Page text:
Self-Flying Energy Kite Harnesses Wind Power
Wind power has become an increasingly popular method of energy in recent years, and it hasn’t taken long for scientists to step in and explore new ways to harvest it. They may have found yet another effective method in a new, self-flying energy kite. The device, created by Makani, a California-based company, harvests power from strong winds in the middle of the ocean, an area recently considered all but off-limits in terms of successful wind power. Areas like these are typically too challenging a location for traditional wind turbines, which makes Makani’s newest development an exciting step in the quest for new methods of wind power.
Self-flying energy kites have the potential to bring renewable power to hundreds of millions of people. The energy kite built by Makani combines aerospace engineering, autonomous controls, and materials science for its operations. With an 85-ft. wingspan, the kite is made of lightweight carbon fiber. It is launched from a base station, then controlled by a 1,400 ft. tether as it flies in circles at the direction of computers. The kite’s flight path and steering are controlled by onboard computers running custom flight controller software, accompanied by data from GPS and other sensors. The kite’s eight rotors are spun by crosswinds, which moves a generator used to produce electricity, which is then sent back to the grid via the tether. This technology, while still in the testing stage of development, is more affordable than traditional wind turbines, which carry additional costs in the form of labor, machinery, and installation.
Wind farms have become prevalent in areas across the United States, but still, only a relatively low percentage of the world’s electricity is harvested through this method. While wind energy alone is capable of powering the globe many times over, according to Makani, only 4% of Earth’s electricity comes from wind. Makani hopes to utilize new technology like this self-flying kite to bring power to communities around the world. Current testing is taking place off the coast of Norway, with additional testing locations planned for the future.
Successful trials of this kite technology have been a long time coming for Makani, which began testing the prototype in 2015. By design, it is anticipated to transfer up to 600 kW of electrical power, which is enough energy to power approximately 300 homes. The prototype’s development has been guided by a number of simulation tools, including computational models of the kite’s aerodynamics, g-forces of flight, and structural loads. Partnered with Shell, Makani plans to conduct more experimental flights in order to fine-tune the technology.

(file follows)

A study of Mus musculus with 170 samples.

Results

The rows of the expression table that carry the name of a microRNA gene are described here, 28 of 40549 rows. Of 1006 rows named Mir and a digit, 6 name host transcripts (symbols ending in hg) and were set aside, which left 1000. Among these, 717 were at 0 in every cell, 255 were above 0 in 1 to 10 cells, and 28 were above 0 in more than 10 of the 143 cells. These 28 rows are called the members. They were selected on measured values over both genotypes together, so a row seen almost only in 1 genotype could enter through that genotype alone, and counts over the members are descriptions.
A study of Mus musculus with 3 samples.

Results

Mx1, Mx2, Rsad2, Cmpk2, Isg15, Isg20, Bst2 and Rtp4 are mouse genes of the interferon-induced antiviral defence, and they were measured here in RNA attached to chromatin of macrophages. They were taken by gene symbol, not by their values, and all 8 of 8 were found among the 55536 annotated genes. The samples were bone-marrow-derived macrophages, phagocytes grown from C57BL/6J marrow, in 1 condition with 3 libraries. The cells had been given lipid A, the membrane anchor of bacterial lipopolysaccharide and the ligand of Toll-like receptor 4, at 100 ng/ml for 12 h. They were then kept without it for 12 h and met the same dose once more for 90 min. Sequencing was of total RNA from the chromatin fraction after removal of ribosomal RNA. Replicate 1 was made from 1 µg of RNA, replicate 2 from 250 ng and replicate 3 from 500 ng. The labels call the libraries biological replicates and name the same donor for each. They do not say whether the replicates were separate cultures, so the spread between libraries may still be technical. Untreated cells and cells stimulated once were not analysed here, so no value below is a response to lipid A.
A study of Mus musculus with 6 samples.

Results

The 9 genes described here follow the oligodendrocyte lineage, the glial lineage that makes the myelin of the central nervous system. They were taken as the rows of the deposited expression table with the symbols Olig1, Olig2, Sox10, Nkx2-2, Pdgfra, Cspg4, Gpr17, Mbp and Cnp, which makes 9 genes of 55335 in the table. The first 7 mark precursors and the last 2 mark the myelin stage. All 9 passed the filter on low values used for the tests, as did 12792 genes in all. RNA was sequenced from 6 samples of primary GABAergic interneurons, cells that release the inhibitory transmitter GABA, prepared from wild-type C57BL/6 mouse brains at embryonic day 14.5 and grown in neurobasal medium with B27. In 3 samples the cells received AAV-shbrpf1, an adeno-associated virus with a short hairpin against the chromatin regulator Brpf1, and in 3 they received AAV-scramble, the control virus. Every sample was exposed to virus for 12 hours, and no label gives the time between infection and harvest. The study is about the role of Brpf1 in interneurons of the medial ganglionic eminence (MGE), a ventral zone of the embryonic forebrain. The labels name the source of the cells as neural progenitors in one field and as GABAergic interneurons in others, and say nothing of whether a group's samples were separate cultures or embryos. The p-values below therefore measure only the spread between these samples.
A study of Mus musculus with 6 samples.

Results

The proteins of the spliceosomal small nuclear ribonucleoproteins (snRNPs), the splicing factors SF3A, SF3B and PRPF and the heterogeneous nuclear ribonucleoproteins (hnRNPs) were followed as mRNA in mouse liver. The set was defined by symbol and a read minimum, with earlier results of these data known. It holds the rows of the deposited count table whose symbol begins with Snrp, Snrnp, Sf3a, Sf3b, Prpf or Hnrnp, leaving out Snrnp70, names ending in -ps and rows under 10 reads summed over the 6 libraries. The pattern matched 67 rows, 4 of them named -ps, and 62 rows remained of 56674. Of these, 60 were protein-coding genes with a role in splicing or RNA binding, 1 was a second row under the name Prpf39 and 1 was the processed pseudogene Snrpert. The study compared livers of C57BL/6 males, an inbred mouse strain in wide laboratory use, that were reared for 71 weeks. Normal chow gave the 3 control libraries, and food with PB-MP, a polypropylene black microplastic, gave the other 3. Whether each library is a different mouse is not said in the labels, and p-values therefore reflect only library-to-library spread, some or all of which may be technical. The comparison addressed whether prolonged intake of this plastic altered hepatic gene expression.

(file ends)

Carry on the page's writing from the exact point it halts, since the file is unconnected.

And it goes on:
What makes Makani’s self-flying kite so unique is its lightweight composition and low costs, both of which are paramount in powering off-the-grid communities. With these factors in place, Makani’s wind power system will be able to use existing infrastructure and supply chains to further extend its operations. Energy kites can be deployed from both small and medium-sized ports, and won’t require specialized vessels or large cranes for installation. Demonstrations in Norway, for example, are conducted with the use of a flatbed trailer, a boom crane and two tug boats, while the kite and spar were installed in water as deep as 220m.
While Makani is making strides with its self-flying kite, it’s not the only company experimenting with this type of technology. Altaeros Energies, Skypull, and Vortex Bladeless are among other companies working on similar projects. Skypull, a Swiss start-up, developed a self-flying drone that can travel to heights of 600m, which is equal to about three times that of traditional wind turbines. The company’s current prototype can be described as a multi-copter “box-wing” drone, capable of launching and landing on its own. While its takeoff is powered by battery, this same battery can be recharged each time the kite returns to the ground. Although the technology is currently limited to small projects, Skypull chief executive Nicola Mona believes the system could potentially be used for large-scale projects in the future.
Altaeros Energies, based in Massachusetts, is known for its Buoyant Airborne Turbine, which consists of a shell filled with helium that can lift a wind turbine to 600m in the air. This unique technology strives to provide power, telecommunication and a variety of additional services to billions around the globe who currently live in areas without reliable internet access and electricity.
Although wind power generation is more popular than ever in some parts of the U.S. – according to the US Energy Information Administration, five times more was generated in 2018 than 2008 – there are still a few drawbacks that can’t be ignored. For one, wind activity is unpredictable, which renders this form of energy unreliable. However, winds at higher altitudes, meaning 1,640 ft and above, are known to blow more consistently and stronger. These are favorable conditions for wind power, and with drones and kites now more affordable than ever, the outlook is a positive one.